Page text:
ACE and 12 other higher education groups sent a letter to the Senate Judiciary Committee today on the recently introduced comprehensive immigration bill, calling the measure an “important step” toward creating an immigration system that serves the needs of the country.
The committee will begin considering the hundreds of amendments that have been filed to the 844-page Border Security, Economic Opportunity, and Immigration Modernization Act of 2013 (S. 744) on Thursday, setting the stage for an intensive debate on the measure.
On the higher education side, the bill incorporates an expansive version of the DREAM Act, a bill designed to give undocumented immigrants a path to higher education and citizenship. ACE and many in the higher education community have long supported the different iterations of the DREAM Act, which has been introduced in almost every Congress since 2001.
The DREAM Act included in S. 744 removes the age cap for eligibility and repeals the current federal law that limits states’ options to provide in-state tuition to undocumented students. The letter does ask the committee to amend S. 744 to allow DREAM students to be eligible for federal education loans and the work-study program.
“As we understand the bill, students in registered provisional immigrant status, even those who will qualify for the DREAM Act, are not eligible for federal educational assistance,” the groups wrote. “At a minimum, we urge the committee to restore eligibility for “self-help” student aid programs (loan and work) found in recent versions of the DREAM Act. Without this access, we are concerned that undocumented students will be unable to finance the education that makes citizenship possible. In general, unlike other federal benefit programs, student loans produce revenue for the federal government, as borrowers pay back more than they borrow.”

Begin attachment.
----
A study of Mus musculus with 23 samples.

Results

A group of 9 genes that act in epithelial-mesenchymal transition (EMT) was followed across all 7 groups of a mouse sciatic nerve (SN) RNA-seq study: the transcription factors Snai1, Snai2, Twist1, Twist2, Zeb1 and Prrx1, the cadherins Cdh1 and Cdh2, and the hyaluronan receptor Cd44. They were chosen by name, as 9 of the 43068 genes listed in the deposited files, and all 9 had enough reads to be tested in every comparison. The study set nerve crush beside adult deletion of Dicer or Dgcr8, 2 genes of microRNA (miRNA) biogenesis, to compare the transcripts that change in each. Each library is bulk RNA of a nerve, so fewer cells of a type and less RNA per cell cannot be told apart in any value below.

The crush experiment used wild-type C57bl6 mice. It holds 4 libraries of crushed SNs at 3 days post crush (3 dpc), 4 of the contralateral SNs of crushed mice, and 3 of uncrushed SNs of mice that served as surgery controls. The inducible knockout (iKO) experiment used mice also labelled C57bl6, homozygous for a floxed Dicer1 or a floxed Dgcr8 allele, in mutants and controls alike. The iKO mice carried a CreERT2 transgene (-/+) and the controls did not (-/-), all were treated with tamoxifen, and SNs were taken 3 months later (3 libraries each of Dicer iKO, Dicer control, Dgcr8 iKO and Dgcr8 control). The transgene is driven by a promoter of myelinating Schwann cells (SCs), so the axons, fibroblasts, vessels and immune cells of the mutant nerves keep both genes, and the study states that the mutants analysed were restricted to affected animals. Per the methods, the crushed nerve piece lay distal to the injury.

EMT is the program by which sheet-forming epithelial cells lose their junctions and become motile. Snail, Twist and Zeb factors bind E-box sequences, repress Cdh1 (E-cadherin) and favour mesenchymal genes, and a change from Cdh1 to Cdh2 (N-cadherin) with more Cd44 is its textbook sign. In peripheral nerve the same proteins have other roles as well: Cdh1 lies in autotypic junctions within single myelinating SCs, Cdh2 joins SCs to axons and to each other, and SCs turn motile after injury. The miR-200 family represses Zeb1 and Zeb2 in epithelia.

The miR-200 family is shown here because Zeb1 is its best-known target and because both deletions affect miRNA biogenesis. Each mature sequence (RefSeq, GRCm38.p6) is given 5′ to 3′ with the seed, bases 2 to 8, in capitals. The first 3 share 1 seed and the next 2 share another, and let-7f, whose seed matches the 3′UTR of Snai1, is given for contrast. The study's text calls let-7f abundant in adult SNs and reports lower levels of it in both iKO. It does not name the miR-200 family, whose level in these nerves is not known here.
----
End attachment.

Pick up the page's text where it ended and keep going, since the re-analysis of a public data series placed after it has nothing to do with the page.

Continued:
The letter also applauds provisions that streamline the green card process for those who graduate with an advanced STEM (science, technology, engineering, and mathematics) degree from a U.S. higher education institution, as well as reforms in the bill addressing non-immigrant visas, particularly the H-1B visa.
To fine-tune these sections, the groups request committee members to substitute the Department of Homeland Security’s STEM-Designated Degree Program list as the definition for STEM, as it “includes additional scientific fields that are critical to our economy.” They also outline concerns with some of the new fees proposed in the bill, including the $500 STEM labor certification fee and the $500 J-1 visa fee.
To follow tomorrow’s markup, see the Judiciary Committee’s website.